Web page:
Monday, March 19, 2012

The Credit Markets: Two Apparent Contradictions

The yield on the 10-year US Treasury bond closed at 2.301 percent on Friday.  The dramatic rise in this yield at the end of last week has many analysts worried that the bull market in bonds is over. 

The yield on the 10-year Treasury was 2.384 percent at the close on last October 27 and at the end of July 2011, the yield was around 3.00 percent, where it had been for some time.

Note that a large portion of the time that the yield on the 10-year Treasury had been at these higher levels, the Federal Reserve had been operating under a policy of quantitative easing.

What set off the decline in yields in August and September was a series of things that lead to a rush into gold and a flight to quality in the financial markets. 

The price of gold had remained relatively stable in the May and June period, but began steadily increasing in July and August.  By August 2, the price of gold reached $1660 per ounce and then flew through $1700 on October 8, the day of the S&P downgrade of US debt.  By August 18, the price closed at $1828 and almost closed at $1900 on August 22.

Even more startling, the yield on the 10-year TIPS turned negative in early August.  On August 10, this yield was -0.155 percent!  In late July it had been trading to yield above 0.500 percent. 

The 10-year Treasury yield plummeted from about 3.00 percent on July 29 to 2.40 percent on August 4 and about 2.00 percent on August 10.

The stock market was also highly volatile during this July/August period. 

And, Treasury yields remained low through the whole Greek debt restructuring that took place throughout the fall into the new year of 2012.

My view: over the past month or so, financial markets have calmed somewhat, primarily due to the Greek situation, and this has been leading to a movement of funds out of US Treasury issues and into riskier “stuff”. 

Then we got the news last week from Mr. Bernanke that the Fed was not going to do much in the way of bond purchases in the near future and, in particular, there was no inclination on the part of the Open Market Committee to engage in a new phase of Quantitative Easing.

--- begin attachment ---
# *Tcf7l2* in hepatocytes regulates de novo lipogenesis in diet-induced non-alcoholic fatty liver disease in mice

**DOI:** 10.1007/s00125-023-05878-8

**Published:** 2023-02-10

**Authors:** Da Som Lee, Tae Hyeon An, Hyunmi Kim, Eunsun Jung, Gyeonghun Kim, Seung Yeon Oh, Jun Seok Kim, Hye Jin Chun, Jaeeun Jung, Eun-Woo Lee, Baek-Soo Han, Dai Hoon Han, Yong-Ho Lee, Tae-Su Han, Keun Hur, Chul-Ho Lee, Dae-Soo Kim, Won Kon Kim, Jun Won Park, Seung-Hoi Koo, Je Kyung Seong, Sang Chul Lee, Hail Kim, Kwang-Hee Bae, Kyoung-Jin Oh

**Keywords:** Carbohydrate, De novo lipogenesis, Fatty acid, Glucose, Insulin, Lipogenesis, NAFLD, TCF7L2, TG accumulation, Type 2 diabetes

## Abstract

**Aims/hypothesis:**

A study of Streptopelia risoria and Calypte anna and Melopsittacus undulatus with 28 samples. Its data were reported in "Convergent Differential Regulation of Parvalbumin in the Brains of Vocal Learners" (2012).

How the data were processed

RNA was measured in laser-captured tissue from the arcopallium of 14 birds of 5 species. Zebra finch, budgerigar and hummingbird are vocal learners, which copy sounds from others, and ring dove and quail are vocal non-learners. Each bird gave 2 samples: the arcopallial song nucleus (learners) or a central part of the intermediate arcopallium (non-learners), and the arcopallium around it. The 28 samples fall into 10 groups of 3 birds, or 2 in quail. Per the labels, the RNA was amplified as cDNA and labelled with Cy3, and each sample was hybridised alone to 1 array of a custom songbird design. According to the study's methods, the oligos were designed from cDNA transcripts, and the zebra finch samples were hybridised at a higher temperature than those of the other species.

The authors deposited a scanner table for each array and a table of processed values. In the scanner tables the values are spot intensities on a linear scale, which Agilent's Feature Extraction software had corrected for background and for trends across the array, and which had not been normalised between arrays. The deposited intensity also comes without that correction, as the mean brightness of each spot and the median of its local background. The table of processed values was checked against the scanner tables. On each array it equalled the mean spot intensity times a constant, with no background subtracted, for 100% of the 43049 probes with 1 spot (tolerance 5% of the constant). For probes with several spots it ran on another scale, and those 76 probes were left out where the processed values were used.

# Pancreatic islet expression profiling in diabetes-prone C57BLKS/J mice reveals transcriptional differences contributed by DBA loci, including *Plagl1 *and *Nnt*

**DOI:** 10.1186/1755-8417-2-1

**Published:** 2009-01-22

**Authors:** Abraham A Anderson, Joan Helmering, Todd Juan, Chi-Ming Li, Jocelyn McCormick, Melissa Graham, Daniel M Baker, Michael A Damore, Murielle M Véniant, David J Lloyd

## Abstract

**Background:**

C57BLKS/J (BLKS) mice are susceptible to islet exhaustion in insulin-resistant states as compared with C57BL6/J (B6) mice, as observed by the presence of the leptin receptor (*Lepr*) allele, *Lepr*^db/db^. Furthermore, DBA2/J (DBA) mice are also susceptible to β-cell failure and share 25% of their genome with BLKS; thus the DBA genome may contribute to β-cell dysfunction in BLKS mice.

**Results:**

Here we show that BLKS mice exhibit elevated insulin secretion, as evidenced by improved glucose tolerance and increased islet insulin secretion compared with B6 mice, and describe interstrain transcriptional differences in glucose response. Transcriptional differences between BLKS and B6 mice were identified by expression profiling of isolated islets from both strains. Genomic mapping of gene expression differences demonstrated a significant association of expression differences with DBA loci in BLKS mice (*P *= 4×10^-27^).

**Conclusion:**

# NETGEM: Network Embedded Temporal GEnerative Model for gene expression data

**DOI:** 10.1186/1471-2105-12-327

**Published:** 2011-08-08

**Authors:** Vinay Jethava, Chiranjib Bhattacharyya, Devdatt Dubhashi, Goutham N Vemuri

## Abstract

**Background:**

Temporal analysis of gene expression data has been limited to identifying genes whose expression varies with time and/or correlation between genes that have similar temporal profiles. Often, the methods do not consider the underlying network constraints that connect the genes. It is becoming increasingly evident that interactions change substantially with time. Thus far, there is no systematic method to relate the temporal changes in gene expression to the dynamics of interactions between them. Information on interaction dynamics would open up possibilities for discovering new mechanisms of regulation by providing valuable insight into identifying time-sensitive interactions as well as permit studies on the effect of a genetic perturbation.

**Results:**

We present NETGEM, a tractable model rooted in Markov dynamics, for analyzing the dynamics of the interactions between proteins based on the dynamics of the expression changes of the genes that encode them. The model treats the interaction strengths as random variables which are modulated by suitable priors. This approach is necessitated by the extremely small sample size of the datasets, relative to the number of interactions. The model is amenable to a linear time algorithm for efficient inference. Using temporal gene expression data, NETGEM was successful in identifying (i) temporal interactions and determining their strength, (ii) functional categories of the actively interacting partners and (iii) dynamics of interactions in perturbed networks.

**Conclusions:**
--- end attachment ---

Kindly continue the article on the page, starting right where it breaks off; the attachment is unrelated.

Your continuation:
These two factors, I believe, are leading to a reversal from the previous “flight to quality” in the financial markets. 

Since January the ratio of the yields on government bonds relative to Aaa-rated corporate securities has been rising, indicating funds were flowing more freely into other sectors of the financial markets.  Furthermore, the ratio of yields on Aaa-rated corporate securities to Baa-rated corporate securities was rising indicating a relative move to less highly rated credit. 

Therefore, I am less concerned about an end to the “bull market” in Treasury securities than I am about a market adjustment that has followed the “flight to quality” that took place last summer. The economy continues to expand ( and monetary policy will continue to be supportive of a still fragile banking system. 

I am looking more for a relative rise in the yield on US Treasury securities as an indication that funds are flowing back into other areas of the financial markets rather than for a cyclical increase in yields due to a strengthening of the economy. 

There is a second issue I would like to clear up that was brought to my attention by someone commenting on the above mentioned blogpost. (

In this blogpost I discussed the continued deleveraging taking place in the American economy and the rise in bank lending, which I took as a positive sign that the economy would continue to grow.  One person who commented on this post stated that the idea that deleveraging was to continue but bank lending was increasing seemed to be contradictory. 

As such, the two pieces of information does sound contradictory.  In arguing that “both” of these conditions can exist within the economy I draw on a point I have made continually over the past several years.  My argument has been that over the past fifty years or so the United States government has conducted a policy of credit inflation.  This credit inflation has helped to bifurcate the society as those with more wealth and better access to advice and consulting have been able to protect themselves from the inflation or even take advantage of the inflation to improve their position in the economy.  The less-well off have not been able to even keep up with what is going on.  As a consequence, the income/wealth distribution in the United States has become even more skewed to those possessing wealth. 

As I have described in other places, the current economic policies of the United States government just exacerbate this movement.  That is, the economic policies of the United States government are making things even worse.  Deleveraging continues, but generally amongst those that are less well off, those who are heavily in debt, those who often find themselves underwater with respect to the ownership of their own home, and those who have little or no savings. 

Lending is picking up to others, businesses as well as households, that are not is such a situation.

Thus, you can have bank loans increasing in the economy while many in the economy still have to reduce their financial leverage to even keep going.  I believe we are in such a situation.